In the early spring of April, 1638, the ship Hector brought a group of English colonists into what is now New Haven harbor. The settlers were led by Theophilus Eaton, a merchant, and John Davenport, a Puritan minister. The professions of the colonists’ leaders were significant because they revealed the motivations of the settlers in seeking a new home in America. As Puritans they did not like the laws of the King’s Church of England and as businessmen they resented the high taxes. Virtually unsettled, America offered the opportunity to establish a theocracy whereby their religious beliefs could be enjoyed without oppression. Also, with its seemingly limitless natural resources, America provided the opportunities to trade and to prosper with little constraint. The land near the Quinnipiac River would be cleared, the ground tilled and a new home established where the settlers could have their own church, make their own laws and build a busy commercial town.
The settlement was made between what was called East and West Creeks. As merchants, they wanted to by near the harbor. A half mile square between the creeks was marked off. This square was divided into nine smaller ones; the middle one was to be the market place. The land in the surrounding eight squares was sub-divided and given to the settlers. The size of the land received was determined by the amount of money invested in the Company that had been formed in England to finance the settlement and by the number of family members. John Brockett, a surveyor, was credited with laying out the town’s pattern but his role has been questioned by recent researchers. Among the settlers were carpenters, masons, joiners and other craftsmen, who soon began to replace the crude huts and cellars with permanent homes modeling them on the houses that they had left in England. With the exception of the wealthiest settlers like Eaton whose house on Elm Street had nineteen fireplaces, most of the houses were of one room, a story and a half with the chimney at one end. (For more information: “Colonial Connecticut—Learning to Look and Understand”, Y.N.H.T.I., Volume IV, 1978.) The early homes would be improved, expanded and rebuilt throughout the colonial period as the colonists prospered and had the time to improve their dwellings.
The New Haven settlers being strict Puritans built a “Meeting House” in the middle of the center square within a year of landing. For meetings and for worship, the “House” was a simple, square framed building with a small tower rising from the center of its steep sloping roof. From the tower, at eight o’clock Sunday mornings, two drummers sounded the signal for those who lived at a distance that the service would soon begin. After the long sermons, both in the morning and in the afternoon, the colonists would meet with friends, visit and trade news. The Market Place became the meeting ground for business, social activity, worship, sports and even a training area for the local militia upon which to drill.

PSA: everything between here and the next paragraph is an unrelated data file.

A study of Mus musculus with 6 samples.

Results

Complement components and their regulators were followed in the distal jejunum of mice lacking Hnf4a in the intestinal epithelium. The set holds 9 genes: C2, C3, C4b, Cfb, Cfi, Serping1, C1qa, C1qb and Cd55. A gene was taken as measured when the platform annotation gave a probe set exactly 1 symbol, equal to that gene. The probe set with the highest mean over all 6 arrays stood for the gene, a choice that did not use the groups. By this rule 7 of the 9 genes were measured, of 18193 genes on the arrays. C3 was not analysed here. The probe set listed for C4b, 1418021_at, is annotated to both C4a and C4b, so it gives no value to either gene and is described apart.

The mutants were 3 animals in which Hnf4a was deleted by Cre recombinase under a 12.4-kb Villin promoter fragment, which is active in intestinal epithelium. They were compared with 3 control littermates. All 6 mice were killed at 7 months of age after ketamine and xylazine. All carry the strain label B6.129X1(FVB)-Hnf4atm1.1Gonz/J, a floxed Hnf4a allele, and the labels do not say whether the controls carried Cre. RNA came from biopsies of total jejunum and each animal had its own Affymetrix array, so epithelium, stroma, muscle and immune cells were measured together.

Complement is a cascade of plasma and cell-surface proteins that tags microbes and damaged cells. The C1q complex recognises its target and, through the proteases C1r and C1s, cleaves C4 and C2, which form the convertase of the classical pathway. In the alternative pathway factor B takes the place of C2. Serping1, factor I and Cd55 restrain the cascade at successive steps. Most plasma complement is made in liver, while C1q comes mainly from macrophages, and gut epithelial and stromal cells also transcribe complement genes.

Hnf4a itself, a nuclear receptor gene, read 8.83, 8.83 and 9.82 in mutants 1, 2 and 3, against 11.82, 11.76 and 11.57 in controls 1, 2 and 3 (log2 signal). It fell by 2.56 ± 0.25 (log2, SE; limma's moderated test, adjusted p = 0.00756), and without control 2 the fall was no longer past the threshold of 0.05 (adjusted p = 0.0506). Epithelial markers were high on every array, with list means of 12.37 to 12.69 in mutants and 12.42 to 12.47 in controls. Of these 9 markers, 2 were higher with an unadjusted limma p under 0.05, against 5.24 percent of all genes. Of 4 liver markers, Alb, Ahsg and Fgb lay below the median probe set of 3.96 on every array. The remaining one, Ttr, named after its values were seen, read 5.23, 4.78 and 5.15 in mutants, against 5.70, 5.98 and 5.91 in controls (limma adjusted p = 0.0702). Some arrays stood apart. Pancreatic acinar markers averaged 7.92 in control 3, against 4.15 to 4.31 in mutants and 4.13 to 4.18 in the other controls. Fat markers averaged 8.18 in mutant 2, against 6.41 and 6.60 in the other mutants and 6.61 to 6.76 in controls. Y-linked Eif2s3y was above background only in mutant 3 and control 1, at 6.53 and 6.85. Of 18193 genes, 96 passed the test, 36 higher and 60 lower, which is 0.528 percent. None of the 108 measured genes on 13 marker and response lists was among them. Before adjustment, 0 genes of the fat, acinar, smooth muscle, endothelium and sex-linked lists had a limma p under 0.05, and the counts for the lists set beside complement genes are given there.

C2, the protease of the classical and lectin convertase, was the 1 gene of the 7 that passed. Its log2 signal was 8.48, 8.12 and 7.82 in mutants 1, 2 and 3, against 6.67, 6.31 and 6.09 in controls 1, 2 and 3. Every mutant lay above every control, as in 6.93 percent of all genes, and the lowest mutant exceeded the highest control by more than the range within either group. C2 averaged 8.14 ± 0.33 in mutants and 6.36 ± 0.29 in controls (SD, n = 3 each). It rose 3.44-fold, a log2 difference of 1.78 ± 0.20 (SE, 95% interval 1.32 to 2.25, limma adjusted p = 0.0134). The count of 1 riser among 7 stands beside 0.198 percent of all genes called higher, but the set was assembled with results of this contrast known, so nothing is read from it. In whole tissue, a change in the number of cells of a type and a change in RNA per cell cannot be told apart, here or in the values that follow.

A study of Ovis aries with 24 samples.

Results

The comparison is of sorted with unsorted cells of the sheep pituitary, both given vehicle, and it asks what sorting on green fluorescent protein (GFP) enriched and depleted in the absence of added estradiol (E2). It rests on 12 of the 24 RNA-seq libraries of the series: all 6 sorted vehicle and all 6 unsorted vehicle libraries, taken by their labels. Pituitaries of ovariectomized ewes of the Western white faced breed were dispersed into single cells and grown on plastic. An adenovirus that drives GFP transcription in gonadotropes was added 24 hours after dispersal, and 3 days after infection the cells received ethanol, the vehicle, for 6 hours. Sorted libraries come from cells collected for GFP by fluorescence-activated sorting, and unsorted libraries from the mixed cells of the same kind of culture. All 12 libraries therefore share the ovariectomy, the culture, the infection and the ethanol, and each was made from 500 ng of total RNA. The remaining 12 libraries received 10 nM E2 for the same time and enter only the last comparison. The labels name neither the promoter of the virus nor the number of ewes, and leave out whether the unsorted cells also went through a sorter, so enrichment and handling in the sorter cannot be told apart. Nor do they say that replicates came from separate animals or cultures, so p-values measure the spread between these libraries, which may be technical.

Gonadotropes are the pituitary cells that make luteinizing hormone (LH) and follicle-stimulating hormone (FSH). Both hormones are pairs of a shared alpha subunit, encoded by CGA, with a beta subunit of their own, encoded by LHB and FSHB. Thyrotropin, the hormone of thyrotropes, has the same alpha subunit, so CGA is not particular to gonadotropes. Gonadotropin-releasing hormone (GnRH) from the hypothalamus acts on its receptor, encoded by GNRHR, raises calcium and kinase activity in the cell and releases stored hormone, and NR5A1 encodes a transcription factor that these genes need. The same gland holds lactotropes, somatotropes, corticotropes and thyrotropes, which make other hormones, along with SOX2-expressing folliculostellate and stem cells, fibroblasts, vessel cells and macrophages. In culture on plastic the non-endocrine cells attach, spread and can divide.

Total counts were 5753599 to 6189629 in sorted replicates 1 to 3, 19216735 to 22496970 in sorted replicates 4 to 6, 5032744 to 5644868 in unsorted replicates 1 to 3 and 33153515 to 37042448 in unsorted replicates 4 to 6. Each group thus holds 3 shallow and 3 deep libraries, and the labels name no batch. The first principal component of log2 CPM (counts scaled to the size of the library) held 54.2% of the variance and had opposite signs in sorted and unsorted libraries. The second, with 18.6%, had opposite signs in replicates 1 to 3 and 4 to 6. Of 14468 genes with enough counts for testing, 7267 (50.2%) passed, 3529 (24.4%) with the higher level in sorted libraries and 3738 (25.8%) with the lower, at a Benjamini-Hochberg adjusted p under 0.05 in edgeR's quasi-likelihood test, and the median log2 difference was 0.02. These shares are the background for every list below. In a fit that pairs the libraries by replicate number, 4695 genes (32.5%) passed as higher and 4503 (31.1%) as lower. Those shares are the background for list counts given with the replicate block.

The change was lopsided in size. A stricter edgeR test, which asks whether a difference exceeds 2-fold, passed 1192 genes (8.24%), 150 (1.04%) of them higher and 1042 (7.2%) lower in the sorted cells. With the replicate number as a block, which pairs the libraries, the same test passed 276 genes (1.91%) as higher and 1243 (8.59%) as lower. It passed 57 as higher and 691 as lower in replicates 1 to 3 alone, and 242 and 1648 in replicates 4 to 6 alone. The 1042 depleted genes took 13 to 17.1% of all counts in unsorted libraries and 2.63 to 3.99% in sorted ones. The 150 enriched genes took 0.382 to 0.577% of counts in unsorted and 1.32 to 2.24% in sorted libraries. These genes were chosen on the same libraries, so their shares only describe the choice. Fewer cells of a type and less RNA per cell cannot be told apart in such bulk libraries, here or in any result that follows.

In 1670, a second “Meeting House” was built; a ships bell was bought and put into the tower to replace the drummers. Like the first, this “House” was also simple and unpretentious. It was square in design with sloping roofs up to a turret at the top. Church and state existed as one in the New Haven Colony. Seven church members, known as the “seven pillars”, constituted the government as well as leading the church. Until 1664 and the union with the Connecticut Colony, this was how the colony was ruled. The union also brought an end to prosperity as commercial ventures ended and the colonists concentrated on farming.
The colony’ 6 houses were typical of a provincial community and the Green became neglected. A State House was built there in 1717 for the legislature which would meet there, New Haven having become the co-capital with Hartford as of 1701. The town’s public place remained an area where merchants bought and sold, where animals grazed and Yale College sprang to life although activity focused on the harbor. A wharf was constructed to reach the many snips and their cargoes that began to bring new wealth to New Haven. The wharf would eventually extend 3500 feet outward by the 1750’s. This increased trade and wealth brought a new beginning to the town. From the other sides of the square, thoroughfares extended settlement into surrounding areas. In 1756, the old “Meeting House” was again replaced with a larger one of brick. This third one was barn like, oblong in form with the roof running up to a ridge pole. The entrance was on the broad side and a square tower was built at one end with a steeple.
The Revolution interrupted New Haven’s renewed prosperity. After the War, with attention returning to domestic affairs, New Haven, under the leadership of Mayor Roger Sherman found a new pride in its appearance. New streets were opened and the elm trees planted. The Green would be rescued from a period of neglect. It was graded, fenced and transformed into a true public place and civic center. The Federal period was the most important period in forming the physical appearance of New Haven’s center. The energy that began then would continue until the Civil War. New Haven became the most important city in Connecticut. New Haven, because of the curious minds at work here, would attain national prominence as a result of innovation and inventiveness.